He is known for his fictional works such as the Father Brown stories, as well as for his non-fiction writings offering an intellectual defense of the Christian faith. Along with his friend Hilaire Belloc he is best known as an exponent of a British variety of conservatism known as distributism, which opposed both socialism and large-scale capitalism, and supported a decentralized economy of small property owners and small-scale entrepreneurs. He was a leader in the fight against socialism.
His most influential Christian books include Orthodoxy, and What's Wrong With the World, which criticize modernist trends such as feminism and uphold the traditional Christian faith.
Chesterton was well known for his philosophical debates with renowned contemporaries such as Clarence Darrow, Bertrand Russell, George Bernard Shaw, and H.G. Wells. Of Shaw, with whom Chesterton could be said to have had a friendly rivalry and battle of wits, Chesterton once said:
"After belabouring a great many people for a great many years for being unprogressive, Mr. Shaw has discovered, with characteristic sense, that it is very doubtful whether any existing human being with two legs can be progressive at all. Having come to doubt whether humanity can be combined with progress, most people, easily pleased, would have elected to abandon progress and remain with humanity. Mr. Shaw, not being easily pleased, decides to throw over humanity with all its limitations and go in for progress for its own sake. If man, as we know him, is incapable of the philosophy of progress, Mr. Shaw asks, not for a new kind of philosophy, but for a new kind of man. It is rather as if a nurse had tried a rather bitter food for some years on a baby, and on discovering that it was not suitable, should not throw away the food and ask for a new food, but throw the baby out of window, and ask for a new baby." - Heretics, G.K.C.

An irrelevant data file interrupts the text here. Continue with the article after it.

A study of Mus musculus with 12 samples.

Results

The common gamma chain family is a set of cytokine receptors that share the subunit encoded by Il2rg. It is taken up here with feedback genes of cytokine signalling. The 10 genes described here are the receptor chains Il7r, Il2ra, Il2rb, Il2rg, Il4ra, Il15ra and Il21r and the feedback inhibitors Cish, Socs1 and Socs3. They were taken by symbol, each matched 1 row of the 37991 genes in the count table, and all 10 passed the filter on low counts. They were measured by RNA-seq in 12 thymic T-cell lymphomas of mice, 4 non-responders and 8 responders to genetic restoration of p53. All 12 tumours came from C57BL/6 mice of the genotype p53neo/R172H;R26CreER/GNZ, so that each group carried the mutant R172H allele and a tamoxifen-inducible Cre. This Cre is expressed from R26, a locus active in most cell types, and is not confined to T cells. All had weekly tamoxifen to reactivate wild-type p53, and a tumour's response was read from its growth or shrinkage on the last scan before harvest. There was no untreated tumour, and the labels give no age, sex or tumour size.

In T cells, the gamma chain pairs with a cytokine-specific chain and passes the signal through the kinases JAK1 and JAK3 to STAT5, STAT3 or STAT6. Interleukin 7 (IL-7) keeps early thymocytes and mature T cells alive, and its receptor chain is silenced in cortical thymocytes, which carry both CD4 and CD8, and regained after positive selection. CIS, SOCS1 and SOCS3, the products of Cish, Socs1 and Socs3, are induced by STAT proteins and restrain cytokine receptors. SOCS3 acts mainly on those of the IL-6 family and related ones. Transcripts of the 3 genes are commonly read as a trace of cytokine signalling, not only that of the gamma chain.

- "When men cease to believe in God, they will believe in anything."(Actually, G.K. Chesterton likely never said this, but the saying is often attributed to him) See also: Atheism and gullibility
- "The one doctrine of Christianity which is empirically verifiable is the fallenness of man."
- "A dead thing can go with the stream, but only a living thing can go against it."
- "Nothing is more common, for instance, than to find such a modem critic writing something like this: 'Christianity was above all a movement of ascetics, a rush into the desert, a refuge in the cloister, a renunciation of all life and happiness; and this was a part of a gloomy and inhuman reaction against nature itself, a hatred of the body, a horror of the material universe, a sort of universal suicide of the senses and even of the self. It came from an eastern fanaticism like that of the fakirs and was ultimately founded on an eastern pessimism, which seems to feel existence itself as an evil.' Now the most extraordinary thing about this is that it is all quite true; it is true in every, detail except that it happens to be attributed entirely to the wrong person. It is not true of the Church; but it is true of the heretics condemned by the Church."
- "In the matter of reforming things, as distinct from deforming them, there is one plain and simple principle; a principle which will probably be called a paradox. There exists in such a case a certain institution or law; let us say, for the sake of simplicity, a fence or gate erected across a road. The more modern type of reformer goes gaily up to it and says, “I don’t see the use of this; let us clear it away.” To which the more intelligent type of reformer will do well to answer: “If you don’t see the use of it, I certainly won’t let you clear it away. Go away and think. Then, when you can come back and tell me that you do see the use of it, I may allow you to destroy it."
- Peters, Edward. "Introduction to G.K. Chesterton". Website retrieved July 3, 2007.
- Pierce, Joseph. "G.K. Chesterton, Champion of Orthodoxy." Website retrieved July 3, 2007.